Summary: The first fruits are when we feel the forgiveness of sin that salvation offers. When that fruit is felt, we are no longer condemned, but strengthened in the fact that is not ours, but God’s strength we rely on.


John Wesley Sermon Series

(taken from John Wesley on Christian Beliefs, The Standard Sermons in Modern English, Vol. 1, Abingdon Press:2002)

Romans 8:1-17

July 13, 2003

I. Introduction – How many of us have ever felt condemned? What’s the first word that comes into your mind when I say condemnation?


Story – Martin Luther. In his search for salvation, found himself at a monastery. In the Catholic faith, salvation comes through the church, through its priests and the sacraments. For Luther, this system wasn’t working.

As a monk, Luther denied himself all the creature comforts. He gave up food. Often slept outdoors with only his cloak to cover him even in the midst of winter, and even beat himself causing open wounds in order to identify with this Christ and the salvation he sought.

But then it came to him. As a Bible professor in a small Catholic seminary, he came across this passage in Romans and of others which spoke of grace and benefits of that grace…and it changed his life.

So much so that he began to teach, preach, and live out this “new form” of grace-filled, Spirit-filled living. He even began to write about it. And on the evening of May 24, 1738, a young troubled-filled Anglican priest, by the name of John Wesley, heard the words of Martin Luther on this very text, and his heart became strangely warmed.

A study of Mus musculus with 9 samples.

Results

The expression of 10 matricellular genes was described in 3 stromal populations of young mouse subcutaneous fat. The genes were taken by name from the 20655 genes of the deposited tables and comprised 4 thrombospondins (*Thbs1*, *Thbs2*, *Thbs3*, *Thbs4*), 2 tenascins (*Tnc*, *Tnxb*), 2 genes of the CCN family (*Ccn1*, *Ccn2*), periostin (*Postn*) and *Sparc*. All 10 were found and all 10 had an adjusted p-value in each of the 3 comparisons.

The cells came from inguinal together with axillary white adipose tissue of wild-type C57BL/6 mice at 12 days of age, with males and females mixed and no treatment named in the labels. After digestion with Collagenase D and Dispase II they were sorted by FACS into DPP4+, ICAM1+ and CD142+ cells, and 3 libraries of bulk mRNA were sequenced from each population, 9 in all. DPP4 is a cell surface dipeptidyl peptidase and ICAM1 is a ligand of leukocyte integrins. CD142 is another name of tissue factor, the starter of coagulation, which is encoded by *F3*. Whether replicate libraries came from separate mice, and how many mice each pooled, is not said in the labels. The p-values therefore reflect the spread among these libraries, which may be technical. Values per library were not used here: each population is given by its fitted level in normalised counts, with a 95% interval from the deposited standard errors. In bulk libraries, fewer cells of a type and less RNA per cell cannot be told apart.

So warmed it was that 265 years later, we sit here with Methodist in our name, representing our belief that grace is the greatest gift ever given, because Martin Luther made the discovery and decided to share it.


Romans 8 is a powerful chapter in the Bible, not only were Martin Luther and John Wesley affected by its words, even St. Augustine was convincted by its 13 & fourteenth verses.

But Romans 8 is also one of those passages of Scripture that has been frequently and dangerously misunderstood. On one extreme, some Christians read this passage and then neglect repentance and personal discipline.

On the other hand, some Christians get so overwhelmed with a sense of guilt about their sin, that they lose sight of the joy, peace and victory that the Gospel message brings leading them to depression and despair. In reality, this passage talks about a Christian principle that says we hold both tendencies in tandem with one another.

For those who have come to a living relationship with Jesus Christ, who have accepted the free gift of God’s grace, we realize that sin cannot be ignored or overlooked in our lives. Our willful transgressions and involuntary human weaknesses often try to outdo us.

But, we do not have to be overwhelmed. We do not have to be depressed. We don’t have to be in despair. We are not condemned! Even though our sins may overwhelm, depress, and create despair, we have a hope, we have a peace, we have a joy, and that is found in the mercy of the One who invited us to His table of redemption in the first place, Jesus Christ.

For those who may not have that relationship, I invite you to listen closely, this message is one of the greatest benefits of walking the journey with Christ.